I want to start a movement.
Critical thinkers have long been aware of all the fake news and outright lies being spread on social media and elsewhere in support of just about any argument under the sun.
More recently, it's become a more mainstream news item and people, including major social media platforms like Facebook and Twitter are looking for ways to combat the phenomenon.
This is how I'm trying to do my part.
I'm starting with the premise that people don't want to be lied to and that they don't want to spread lies. In light of the facts behind how this became an issue in the first place, you might think this premise is ridiculous but I don't think it is. I just don't think people realize how much they're being lied to and how much of what they think they know is the direct result of that.
So my plan is to create an easy way of pointing them out with the hope that once people are aware of just how much this is happening, they'll realize how important it is to be critical of everything they're told and will learn some very basic research skills to try to validate things before they propagate them.
Here's how it will work.
I'm going to create a meme that you will post whenever you see an obvious and verifiable untruth. The meme will simply say:
DID YOU LIE OR WERE YOU LIED TO?
People will then respond to that meme with a few canned choices. These will be:
I LIED. YOU CAUGHT ME.
Some people ARE unashamed liars. If you encounter this sort of person, there's nothing further to be done other than to question their moral character. If someone is known to be a liar, then nothing they say is of any argumentative value and there's no point in furthering a discussion with them.
I WAS LIED TO. THIS IS WHO LIED TO ME.
I expect most people aren't willingly liars. If they realize they lied, hopefully they'll take some conviction in calling out their source so both they and you can know not to ever rely on that source again.
I WAS MISTAKEN. I HAVE NOW SEEN THE LIGHT. HERE IS THE TRUTH.
Sometimes people just make mistakes. I have a feeling this is going to be a very popular option because people don't like to be wrong and like to make excuses as to why the lie shouldn't impact your opinion of their moral character. Hopefully after a few of these, people will learn how easy it is to verify facts before they post them and will make that minimal effort in the future. Imploring people to post the truth may even open them up to opposing viewpoints and change their world view. One can hope, right?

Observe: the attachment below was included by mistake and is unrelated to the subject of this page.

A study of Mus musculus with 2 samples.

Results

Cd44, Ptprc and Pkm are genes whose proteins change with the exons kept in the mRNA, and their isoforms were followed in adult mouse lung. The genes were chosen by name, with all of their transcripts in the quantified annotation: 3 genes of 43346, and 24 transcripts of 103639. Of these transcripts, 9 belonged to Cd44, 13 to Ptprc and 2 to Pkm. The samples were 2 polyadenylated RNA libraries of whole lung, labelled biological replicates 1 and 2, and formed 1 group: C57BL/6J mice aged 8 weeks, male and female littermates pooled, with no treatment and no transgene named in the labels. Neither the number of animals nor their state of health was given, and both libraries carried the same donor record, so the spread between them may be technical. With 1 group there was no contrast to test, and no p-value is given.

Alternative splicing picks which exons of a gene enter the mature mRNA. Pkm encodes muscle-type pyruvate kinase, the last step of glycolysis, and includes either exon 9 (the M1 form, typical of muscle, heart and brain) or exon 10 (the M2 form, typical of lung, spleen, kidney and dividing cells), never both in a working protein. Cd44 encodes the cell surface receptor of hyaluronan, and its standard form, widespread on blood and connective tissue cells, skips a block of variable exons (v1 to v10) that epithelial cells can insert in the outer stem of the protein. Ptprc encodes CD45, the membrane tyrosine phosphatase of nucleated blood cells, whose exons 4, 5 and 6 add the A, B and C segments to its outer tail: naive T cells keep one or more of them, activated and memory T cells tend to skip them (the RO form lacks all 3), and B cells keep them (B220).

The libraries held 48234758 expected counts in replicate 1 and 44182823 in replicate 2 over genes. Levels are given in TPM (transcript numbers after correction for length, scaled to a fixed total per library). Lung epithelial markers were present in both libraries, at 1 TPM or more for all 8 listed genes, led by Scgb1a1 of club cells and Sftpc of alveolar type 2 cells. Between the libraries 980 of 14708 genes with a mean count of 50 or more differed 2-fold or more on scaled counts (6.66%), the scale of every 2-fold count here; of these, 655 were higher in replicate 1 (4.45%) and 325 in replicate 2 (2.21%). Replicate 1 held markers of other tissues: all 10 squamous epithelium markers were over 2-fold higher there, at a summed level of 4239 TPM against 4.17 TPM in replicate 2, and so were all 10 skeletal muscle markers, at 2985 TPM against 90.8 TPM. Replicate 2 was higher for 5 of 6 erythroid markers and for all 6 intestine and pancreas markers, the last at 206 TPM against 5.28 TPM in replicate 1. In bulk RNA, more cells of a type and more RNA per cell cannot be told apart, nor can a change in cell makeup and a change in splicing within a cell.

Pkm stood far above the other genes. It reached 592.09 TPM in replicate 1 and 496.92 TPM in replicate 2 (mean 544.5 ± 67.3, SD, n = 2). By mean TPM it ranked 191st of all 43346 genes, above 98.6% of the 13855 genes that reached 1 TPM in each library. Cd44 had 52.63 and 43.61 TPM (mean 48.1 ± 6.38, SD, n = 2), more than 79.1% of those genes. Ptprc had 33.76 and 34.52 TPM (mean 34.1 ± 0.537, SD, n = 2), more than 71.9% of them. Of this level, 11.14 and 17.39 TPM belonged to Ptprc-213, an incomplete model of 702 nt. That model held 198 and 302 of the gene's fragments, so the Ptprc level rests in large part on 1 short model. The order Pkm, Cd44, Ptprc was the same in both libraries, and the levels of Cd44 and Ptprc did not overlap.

If someone refuses to post the truth of the matter because it opposes whatever argument they're trying to make, then the idea of them having been mistaken can be considered a lie in itself. In this case, they'd actually lied but just don't have the moral character to admit it.
Note that if people find themselves posting this one a lot, I would hope they realize that it will make them appear to be stupid. Everyone makes mistakes now and then but if you're constantly making these mistakes in your postings, it's proving that you're either stupid or very gullible or both. Nobody wants to look stupid and the solution is to verify stuff before you repeat it.
I DIDN'T LIE. HERE IS THE EVIDENCE.
Before posting the meme in the first place, you're supposed verify that what they said was demonstrably untrue. There's nothing wrong with healthy debate and with giving opinions. Opinions aren't lies. If you call someone out as a liar and they prove you wrong, then you should suck it up and post one of these responses yourself in defense or apology for your initial finger-pointing.
It's that simple.
Before I set up the graphics and try to get this thing started, I'll open it here for comments. My social media reach is rather limited but you never know. Maybe it'll take off and maybe something good will come of it.
If you have ideas for additional appropriate responses, please explain them as well so I have as complete a set as could be expected when I get it started.
One thought on “Did You Lie Or Were You Lied To?”
Counter-argument — the Backfire Effect, cited here:
and discussed here:
As far as I'm concerned, it's an extension of the Confirmation Bias effect — one's worldviews progressively continue to shape what one sees as "true" vs. what one perceives as "false".
The fact of the matter is that most people don't seem to give much of a damn whether or not what they believe is verifiable, they actively seek out information which caters to their belief systems (whether or not it's accurate information seems to be immaterial).
That said, yes, there's a great deal of misinformation out there (even moreso prevalent since the rise of the internet) and I'm down with calling people out for sources.